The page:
John Waters: The End of the World | The Carolina Theatre, Durham | Friday, Feb. 3, 8 p.m. | $47+
This week The End of the World, John Waters’s apocalyptically titled new standup special, lands at the Carolina Theatre—though the world should also be worried about the general state of things if the acclaimed director ever stops touring.
Waters’s standup specials are as reliably consistent as a calendar.
“I’ve been doing this for 50 years,” he says, over a slightly static-filled phone call from his home in San Francisco. “I always rewrite my show. This one’s called The End of the World, which I think very much reflects how everybody feels.”
But Waters is here to charm his way through that feeling.
“Everybody’s despairing,” he says, “but I’m bringing that insane optimism of how we’re going to overcome and become ‘half-full’ kind of people.”
Exactly how he’s going to drag us along with him into insane optimism though, Waters declines to say. “You’re going to have to see the show to get that,” he says. “If I tell you in this interview, I won’t have any material left.”
Waters has been making films since he was kicked out of NYU for smoking pot in the 1960s. While some are tame enough to be universally beloved (think Hairspray), many more are what Waters himself calls “trash epics” (think Pink Flamingos, which features as its finale a scene of Waters’s friend and longtime collaborator, Divine, eating dog poop). Many of his films are set in Baltimore, where Waters grew up, and are intentionally provocative. The punk, gay ethos of his work has made Waters a cult figure for decades, especially among the LGBTQ+ community. He has also written several books, most recently his first novel called Liarmouth; exhibited fine art in prestigious museums and galleries; hosted an annual adult sleepaway camp since 2014; and written and toured a new standup special at least once a year for decades.
Over his decades as a filmmaker, Waters has consistently made fun of himself and his community, which he believes opens doors to making fun of others. “If you have a good sense of humor about yourself, you can make fun of everybody else,” he says. “But you have to make fun of yourself, which I certainly have.” By dubbing his own films’ as trash epics, he says, he beat his “critics to the typewriter.”
But Waters’s critics and fans at least pay him the shared compliment of taking his jokes seriously. Just a couple of months ago, Hairspray was added to the National Film Registry of the U.S. Library of Congress and—perhaps even more surprisingly—Pink Flamingos was also added in 2021. (“Who would ever have imagined that happening?” Waters says.)
In a recent much-debated list of the 100 Greatest Movies of All Time, Variety ranked Pink Flamingos at number 92, noting its original review, which Waters has more or less memorized, which describes the film as “one of the most vile, stupid and repulsive films ever made.”
Recently, Waters attended a screening of Pink Flamingos and realized the young audience was seeing it for the first time.
“It was great because they started out really laughing, then they got quiet, and then they were like ‘oh my God,’” he says, gleefully. “So it still worked. I did win. I am the filthiest person alive. Even though Johnny Knoxville is pretty close. I share my crown with him.”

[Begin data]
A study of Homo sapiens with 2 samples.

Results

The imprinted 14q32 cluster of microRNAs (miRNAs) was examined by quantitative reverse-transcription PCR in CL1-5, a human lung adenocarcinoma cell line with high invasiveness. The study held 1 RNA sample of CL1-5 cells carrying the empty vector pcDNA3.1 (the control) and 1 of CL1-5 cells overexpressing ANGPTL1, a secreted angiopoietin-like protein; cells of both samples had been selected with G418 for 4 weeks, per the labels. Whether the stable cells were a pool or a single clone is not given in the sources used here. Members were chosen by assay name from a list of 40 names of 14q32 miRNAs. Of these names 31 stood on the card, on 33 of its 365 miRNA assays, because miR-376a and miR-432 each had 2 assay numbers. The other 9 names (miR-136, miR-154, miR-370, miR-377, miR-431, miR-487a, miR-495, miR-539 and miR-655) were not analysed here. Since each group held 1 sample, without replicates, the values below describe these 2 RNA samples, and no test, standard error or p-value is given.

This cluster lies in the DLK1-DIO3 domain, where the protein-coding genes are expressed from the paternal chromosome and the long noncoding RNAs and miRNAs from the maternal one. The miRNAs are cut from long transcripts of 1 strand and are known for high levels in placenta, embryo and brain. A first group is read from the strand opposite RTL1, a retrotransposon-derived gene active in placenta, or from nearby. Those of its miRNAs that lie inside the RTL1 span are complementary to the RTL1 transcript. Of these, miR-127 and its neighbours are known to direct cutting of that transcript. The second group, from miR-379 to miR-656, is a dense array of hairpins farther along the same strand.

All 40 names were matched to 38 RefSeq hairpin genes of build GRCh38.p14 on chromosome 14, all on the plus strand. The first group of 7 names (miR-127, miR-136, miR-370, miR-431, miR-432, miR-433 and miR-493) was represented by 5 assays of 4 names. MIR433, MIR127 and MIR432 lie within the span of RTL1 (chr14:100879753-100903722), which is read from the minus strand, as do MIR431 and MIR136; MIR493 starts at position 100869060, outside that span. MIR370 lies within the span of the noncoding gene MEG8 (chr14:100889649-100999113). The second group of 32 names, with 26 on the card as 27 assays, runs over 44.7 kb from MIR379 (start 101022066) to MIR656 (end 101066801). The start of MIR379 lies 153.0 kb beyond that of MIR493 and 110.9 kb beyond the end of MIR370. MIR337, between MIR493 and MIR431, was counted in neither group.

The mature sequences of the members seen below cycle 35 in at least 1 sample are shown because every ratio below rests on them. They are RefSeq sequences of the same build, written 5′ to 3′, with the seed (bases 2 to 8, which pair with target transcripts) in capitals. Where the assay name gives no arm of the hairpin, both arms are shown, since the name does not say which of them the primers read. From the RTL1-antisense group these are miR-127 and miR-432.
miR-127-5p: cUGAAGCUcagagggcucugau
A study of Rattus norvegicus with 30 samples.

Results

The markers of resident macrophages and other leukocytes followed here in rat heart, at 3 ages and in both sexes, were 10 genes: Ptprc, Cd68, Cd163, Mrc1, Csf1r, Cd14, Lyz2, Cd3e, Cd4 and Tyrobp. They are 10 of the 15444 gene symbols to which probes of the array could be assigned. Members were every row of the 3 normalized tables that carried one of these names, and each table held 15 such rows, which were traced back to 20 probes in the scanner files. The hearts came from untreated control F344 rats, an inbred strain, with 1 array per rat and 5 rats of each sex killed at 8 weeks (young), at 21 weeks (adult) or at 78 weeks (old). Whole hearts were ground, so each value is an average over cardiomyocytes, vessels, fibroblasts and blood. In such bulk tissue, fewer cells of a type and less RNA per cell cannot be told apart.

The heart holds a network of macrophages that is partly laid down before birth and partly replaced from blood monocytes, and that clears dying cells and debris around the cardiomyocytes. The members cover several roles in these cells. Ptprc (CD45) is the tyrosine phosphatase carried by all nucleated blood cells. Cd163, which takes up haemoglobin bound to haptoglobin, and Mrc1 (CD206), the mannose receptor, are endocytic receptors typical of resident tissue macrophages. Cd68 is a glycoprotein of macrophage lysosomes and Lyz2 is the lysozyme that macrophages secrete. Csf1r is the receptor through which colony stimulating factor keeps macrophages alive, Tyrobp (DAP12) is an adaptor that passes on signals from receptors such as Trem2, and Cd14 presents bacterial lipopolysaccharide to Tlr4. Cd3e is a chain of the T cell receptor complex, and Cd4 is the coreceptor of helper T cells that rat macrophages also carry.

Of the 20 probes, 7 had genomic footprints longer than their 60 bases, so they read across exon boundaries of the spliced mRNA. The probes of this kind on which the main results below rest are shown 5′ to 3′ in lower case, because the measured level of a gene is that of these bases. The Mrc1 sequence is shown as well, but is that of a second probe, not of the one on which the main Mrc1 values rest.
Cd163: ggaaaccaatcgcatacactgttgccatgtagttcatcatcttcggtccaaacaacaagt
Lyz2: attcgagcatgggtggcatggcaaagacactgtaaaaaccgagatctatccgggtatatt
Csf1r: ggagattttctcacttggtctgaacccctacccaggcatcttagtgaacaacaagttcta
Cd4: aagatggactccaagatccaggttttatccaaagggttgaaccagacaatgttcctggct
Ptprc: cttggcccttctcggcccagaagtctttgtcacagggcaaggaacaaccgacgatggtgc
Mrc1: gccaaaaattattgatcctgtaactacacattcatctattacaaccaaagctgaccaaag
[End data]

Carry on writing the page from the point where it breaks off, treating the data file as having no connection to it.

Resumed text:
Waters thinks Pink Flamingos is more shocking now because of “political correctness,” which perhaps seems a conservative take for a filmmaker like Waters, though the opinion opens itself to nuance with more discussion.
Unlike some entertainers who have spoken out against political correctness, Waters doesn’t miss being able to use racial slurs. And while he does think anybody should be able to make a joke about anybody, although it is “much harder,” he’s not mean. Waters believes in a twisted humility: “If you have a good sense of humor about yourself, you can make fun of everybody else,” he says. “But you have to make fun of yourself first.”
To this end, in his work, Waters typically makes fun of liberals, himself, and the way he responds to political correctness, as much as “the other side,” noting that “conservatives gave up on me long ago.” Though he’ll go on Fox News whenever asked, Waters says, this is in order “to sell books, to go into enemy territory, and to stay sharp.”
“Never make the enemy feel stupid, even if they are,” he adds. “Make them feel smarter by thinking something you said is funny, and then they’ll listen.”
Waters also grants that things have changed for the better in many ways, including the darkening of American humor.
“Lenny Bruce went to jail for saying ‘fuck’ and now everyone says it all the time,” Waters says. “So things have radically changed that way, and I think for the better.”
Another sign of progress is “to admit there is such a thing as a bad gay movie,” Waters says, although he was not willing to name any in the interview. “My job is to praise what others despise, not the other way around,” he says, with the exception of Forrest Gump, which he does not like (but knows it’s won enough Oscars that nobody cares). While I’m confident that attendees of Waters’s upcoming special will learn about plenty of things Waters is and isn’t into at his show, Waters didn’t want to spoil exactly what he talks about in the special.
The most I could get were broad strokes: “It’s about politics. It’s about movies. It’s about fashion, but it has to be up to date, certainly,” he says. “So I changed the title just to let people know that I have rewritten it.”
We will simply have to wait until The End of the World to get our full lesson in optimism.